Elizabeth Okullow, 24, is a hydroponic farmer and the CEO and co-founder of Lafamia Greens, a social venture that uses hydroponic (soilless) and greenhouse technology to produce organic vegetables.
Okullow is also a beneficiary of KCB 2jiajiri program and a fellow of Africa Young Entrepreneur Support (YES).
She talked to Nation.co.ke about her journey.
What inspired you to venture into Agripreneurship?
During those hard times when I was still mourning my loss, I read a book titled The Power of Your Subconscious Mind by Joseph Murphy.
When I read it, I was inspired and realised that I could create a better world for myself. I used to spend most of my time hanging around trees. One day it hit me that I had a ‘thing’ for plants when I was collecting aloe Vera and some local herbs in the bushes.
My mum is a Forester so I wasn’t keen with my discovery. Also, growing up, I spent most of my time looking for indigenous plants in sugarcane plantation, jumping up and down in trees or helping at the farm.
That day I went home and started researching Agricultural opportunities in Kenya. Days later I landed into an agribusiness idea of strawberry and made a plan.
I attended networking events in Nairobi in the hope of getting someone to help me. I made some connections and pitched but I never got any help. I didn’t succeed and left the strawberry project. But I learned that I was so much more interested in becoming an entrepreneur than a microbiologist.
What is your experience with employment?
Interestingly, I was not actively applying for jobs. I was looking for business opportunities. I wanted to become an entrepreneur. At some point, I had to join an entrepreneurship program by Sinapsis which I was required to pay Sh36,000.
I had no job, no financial support so I quit but my dream didn’t die. I tried working on a waste management idea which I asked for a politician to support me and he left me stranded.
My first job after an internship was in an organization, Balloon Ventures where I got an opportunity to work with entrepreneurs. My dream of becoming an entrepreneur was revived then!
Fast forward, a year later, four months into unemployment and living in Nairobi, I saw a message on a WhatsApp group asking those who are interested in hydroponic farming to attend an interview the following morning. It was on a Sunday night and the interview was scheduled on a Monday morning. On seeing the message, two things came into my mind: I’ll become an entrepreneur after training and I’ll get involved in agriculture! I never hesitated. Luckily I had heard about hydroponic farming from my Food Microbiology lecturer; he had told us that some people produce food without soil, I didn’t believe it then.
Getting into the training in August 2018 was the beginning of my agripreneurship journey. Before starting Uzali Farm that year, I used to sell fruits to get by. We officially started our farm operations in 2019.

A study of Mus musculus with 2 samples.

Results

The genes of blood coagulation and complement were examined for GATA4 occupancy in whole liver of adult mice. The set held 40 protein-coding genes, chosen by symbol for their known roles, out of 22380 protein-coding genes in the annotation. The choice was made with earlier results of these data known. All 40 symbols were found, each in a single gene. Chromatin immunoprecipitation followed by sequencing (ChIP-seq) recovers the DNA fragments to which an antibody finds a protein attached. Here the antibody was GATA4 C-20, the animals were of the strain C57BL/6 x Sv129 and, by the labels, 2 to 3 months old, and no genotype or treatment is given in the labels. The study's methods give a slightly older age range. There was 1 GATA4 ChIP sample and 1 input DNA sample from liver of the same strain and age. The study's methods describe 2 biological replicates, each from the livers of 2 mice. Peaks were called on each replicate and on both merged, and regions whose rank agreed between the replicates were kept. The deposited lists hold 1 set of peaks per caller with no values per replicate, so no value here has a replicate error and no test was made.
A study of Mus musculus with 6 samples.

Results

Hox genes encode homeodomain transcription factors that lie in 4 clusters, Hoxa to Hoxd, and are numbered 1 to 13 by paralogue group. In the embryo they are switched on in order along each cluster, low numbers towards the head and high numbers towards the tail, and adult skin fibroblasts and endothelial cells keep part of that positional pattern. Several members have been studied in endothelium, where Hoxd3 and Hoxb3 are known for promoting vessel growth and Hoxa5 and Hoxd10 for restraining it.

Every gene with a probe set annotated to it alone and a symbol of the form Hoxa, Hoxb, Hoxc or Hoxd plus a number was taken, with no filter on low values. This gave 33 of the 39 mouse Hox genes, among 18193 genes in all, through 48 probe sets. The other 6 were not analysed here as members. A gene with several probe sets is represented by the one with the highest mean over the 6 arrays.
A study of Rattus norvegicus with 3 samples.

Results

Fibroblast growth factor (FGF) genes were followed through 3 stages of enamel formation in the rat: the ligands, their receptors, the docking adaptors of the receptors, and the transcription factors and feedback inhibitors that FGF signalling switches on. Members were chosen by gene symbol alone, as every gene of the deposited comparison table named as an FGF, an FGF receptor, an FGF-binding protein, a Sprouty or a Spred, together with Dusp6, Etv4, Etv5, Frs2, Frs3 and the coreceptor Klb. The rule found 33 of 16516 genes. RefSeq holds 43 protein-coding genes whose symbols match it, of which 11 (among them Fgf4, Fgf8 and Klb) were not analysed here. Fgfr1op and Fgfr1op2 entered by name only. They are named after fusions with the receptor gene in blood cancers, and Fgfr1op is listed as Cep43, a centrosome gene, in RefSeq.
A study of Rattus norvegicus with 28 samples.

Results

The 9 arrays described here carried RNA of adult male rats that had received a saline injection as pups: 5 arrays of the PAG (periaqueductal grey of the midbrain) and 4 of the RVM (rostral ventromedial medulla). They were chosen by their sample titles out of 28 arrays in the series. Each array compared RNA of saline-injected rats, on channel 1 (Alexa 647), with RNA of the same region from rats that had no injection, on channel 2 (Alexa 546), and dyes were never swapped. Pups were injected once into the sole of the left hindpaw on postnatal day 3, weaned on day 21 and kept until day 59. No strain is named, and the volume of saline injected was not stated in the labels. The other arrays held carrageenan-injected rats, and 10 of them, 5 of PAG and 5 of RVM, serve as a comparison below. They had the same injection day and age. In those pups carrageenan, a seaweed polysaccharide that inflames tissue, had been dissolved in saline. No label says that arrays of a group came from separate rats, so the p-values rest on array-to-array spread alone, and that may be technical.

How was or has the transformation been like?
The journey hasn’t been easy. My parents expected me to get a formal job. Until today, my dad is still in denial that I chose this path. My mom has been very supportive since she is a farmer too.
When we started Uzali Farm, we were still employed or having different hustles. In September 2019, all my team members decided to quit. They gave up on the business. I was stranded.
Here, I wanted to continue working for someone to get money to survive with. On the other hand, I had a business which was dying before implementation. I had to make a choice.
I consulted with friends. I analysed the whole situation and wrote down the pros and cons of each decision. After hours of analysis, I decided to quit my job and focus on building my business.
I had nothing. I had no money to survive with. But I just quit!
I called a meeting to understand why my business partners were leaving the business. Each gave me their reasons and luckily, one remained with me. I learned the importance of getting the right people in my team who share the same vision and can stick no matter what.
Being a farmer, we encountered pests and diseases. We were attacked by bacterial wilt which led to low yields. Farming requires a lot of patience and perseverance. Agribusiness is not a get rich quick scheme.
How is it like being a young woman in agriculture?
When I tell people that I am a farmer, they don’t believe me. There was a day someone told me he thought I was just an online farmer – I just talk and don’t do it. I had to send him a video to show him that I am a farmer.
I have been criticised, too. I was once told to get valuable experience from employment first. Some say I am more of a corporate lady than a farmer.
Also, I deal with negative attitudes towards farming almost every day especially amongst youths.
What’s the future like for Agriculture and your enterprise?
Agriculture has a great potential in transforming our society. We can become a food secure country.
Through consistent food production using hydroponics we intend to: feed 1 million people in Kenya by producing food throughout the year; create 5,000 jobs in the next 5 years by training young people on hydroponic technology both offline and online through practical demonstration and guidance; and ensure that 100 agribusinesses are started in different communities. We aim to create affordable hydroponic systems to increase food production.